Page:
For years, every time we so much as touch a toe out of state, I’ve put cemeteries on our travel itinerary. From garden-like cemeteries to boot hills, whether they’re the final resting places of the well-known but not that important or the important but not that well-known, I love them all. After realizing that there are a lot of taphophiles (cemetery and/or tombstone enthusiasts) out there, I’m finally putting my photo library of interesting tombstones to good use.

As teenagers tend to do, Kentuckian Jim Porter hit a growth spurt in 1828 at the age of 17. But Jim Porter didn’t stop at a few inches. He didn’t even stop at a foot. For the next nine years, Porter would continue to add to his height—even allowing amazed locals to measure him weekly—until he finally stopped at 7 feet 8 inches. That’s two inches taller than Yao Ming, for reference.

It’s no surprise that people started calling him “Big Jim,” a local nickname that would soon give way to the nationwide moniker “The Kentucky Giant.” Though Porter did spend a year traveling with an acting troupe that performed Gulliver’s Travels, he mostly preferred to stick close to home, managing the tavern he owned in Louisville. In fact, he was at the tavern in 1842 when Charles Dickens stopped by to see the local legend, deeming him a “a light-house walking among lamp-posts” in American Notes. No less than P.T. Barnum read Dickens’ description, and couldn’t stop himself from trying to recruit Porter for his own business needs. Porter declined.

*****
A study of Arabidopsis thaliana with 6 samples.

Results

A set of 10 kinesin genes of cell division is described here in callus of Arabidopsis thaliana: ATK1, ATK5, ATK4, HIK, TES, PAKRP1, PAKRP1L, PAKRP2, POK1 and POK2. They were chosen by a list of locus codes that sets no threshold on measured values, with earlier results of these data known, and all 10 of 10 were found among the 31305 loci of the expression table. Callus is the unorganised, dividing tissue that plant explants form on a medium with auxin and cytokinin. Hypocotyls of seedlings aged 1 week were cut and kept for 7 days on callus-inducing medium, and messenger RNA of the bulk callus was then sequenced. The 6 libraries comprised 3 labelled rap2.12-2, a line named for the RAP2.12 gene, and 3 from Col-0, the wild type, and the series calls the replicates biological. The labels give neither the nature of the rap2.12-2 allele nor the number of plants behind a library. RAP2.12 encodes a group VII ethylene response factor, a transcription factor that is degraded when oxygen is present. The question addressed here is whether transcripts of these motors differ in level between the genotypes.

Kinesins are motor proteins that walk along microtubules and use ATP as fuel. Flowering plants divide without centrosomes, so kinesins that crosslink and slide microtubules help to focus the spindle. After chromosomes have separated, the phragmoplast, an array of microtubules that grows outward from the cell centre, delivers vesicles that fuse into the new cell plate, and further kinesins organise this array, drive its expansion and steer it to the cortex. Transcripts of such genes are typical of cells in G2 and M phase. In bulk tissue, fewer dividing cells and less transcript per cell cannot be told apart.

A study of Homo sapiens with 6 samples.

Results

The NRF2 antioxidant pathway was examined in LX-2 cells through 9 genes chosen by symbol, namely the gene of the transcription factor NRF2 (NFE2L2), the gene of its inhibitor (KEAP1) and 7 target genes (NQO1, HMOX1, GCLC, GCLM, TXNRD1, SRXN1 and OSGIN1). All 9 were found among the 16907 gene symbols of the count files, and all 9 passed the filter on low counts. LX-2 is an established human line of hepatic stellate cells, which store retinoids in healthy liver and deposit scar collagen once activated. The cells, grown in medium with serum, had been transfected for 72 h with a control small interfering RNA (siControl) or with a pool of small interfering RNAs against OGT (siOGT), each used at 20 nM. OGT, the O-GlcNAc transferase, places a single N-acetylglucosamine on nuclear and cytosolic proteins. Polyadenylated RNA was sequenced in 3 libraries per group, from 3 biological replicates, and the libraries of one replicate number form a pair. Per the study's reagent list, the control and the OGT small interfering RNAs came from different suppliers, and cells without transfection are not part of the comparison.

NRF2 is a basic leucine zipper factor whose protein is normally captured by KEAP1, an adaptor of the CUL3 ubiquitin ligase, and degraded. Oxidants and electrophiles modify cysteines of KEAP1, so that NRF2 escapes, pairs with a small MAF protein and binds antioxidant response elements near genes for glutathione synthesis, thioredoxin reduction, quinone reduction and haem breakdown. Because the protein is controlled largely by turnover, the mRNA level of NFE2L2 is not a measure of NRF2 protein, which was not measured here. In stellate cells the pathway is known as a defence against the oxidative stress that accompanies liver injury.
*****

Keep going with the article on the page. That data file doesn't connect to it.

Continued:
Porter was just 48 when he died in 1859, causing many to believe that his great height caused heart problems. But even death didn’t stop Porter’s admirers: Cave Hill Cemetery in Louisville buried Porter in a hillside vault, leaving a door with an ornamental opening it in so people should see how large his 9-foot coffin was in comparison to a regular-sized one. It’s not there now, and hasn’t been for more than 100 years. After the vault fell into disrepair in the late 1800s, the door was removed and Porter’s grave was marked with a simple stone, stopping the spectator sport of coffin comparisons.

Big Jim was all but forgotten when a new Kentucky Giant stole his thunder: Martin Van Buren Bates of Lecher County, Kentucky, who was said to have been to 7 feet 9 inches to 7 feet 11 inches (accounts vary). Fun fact: Van Buren was married to Anna Swan, who was 7 feet 5 inches herself. They had a child who weighed 22 pounds at birth—so you can see why this larger-than-life couple overshadowed Porter.

To pay your respects to the original Kentucky Giant, however, stop by Cave Hill Cemetery the next time you’re in Louisville.

And, just for the record, the tallest man in the world was Robert Wadlow, whom Guinness measured at 8 feet 11 inches in 1940. His record has yet to be beaten.

See all entries in our Grave Sightings series here.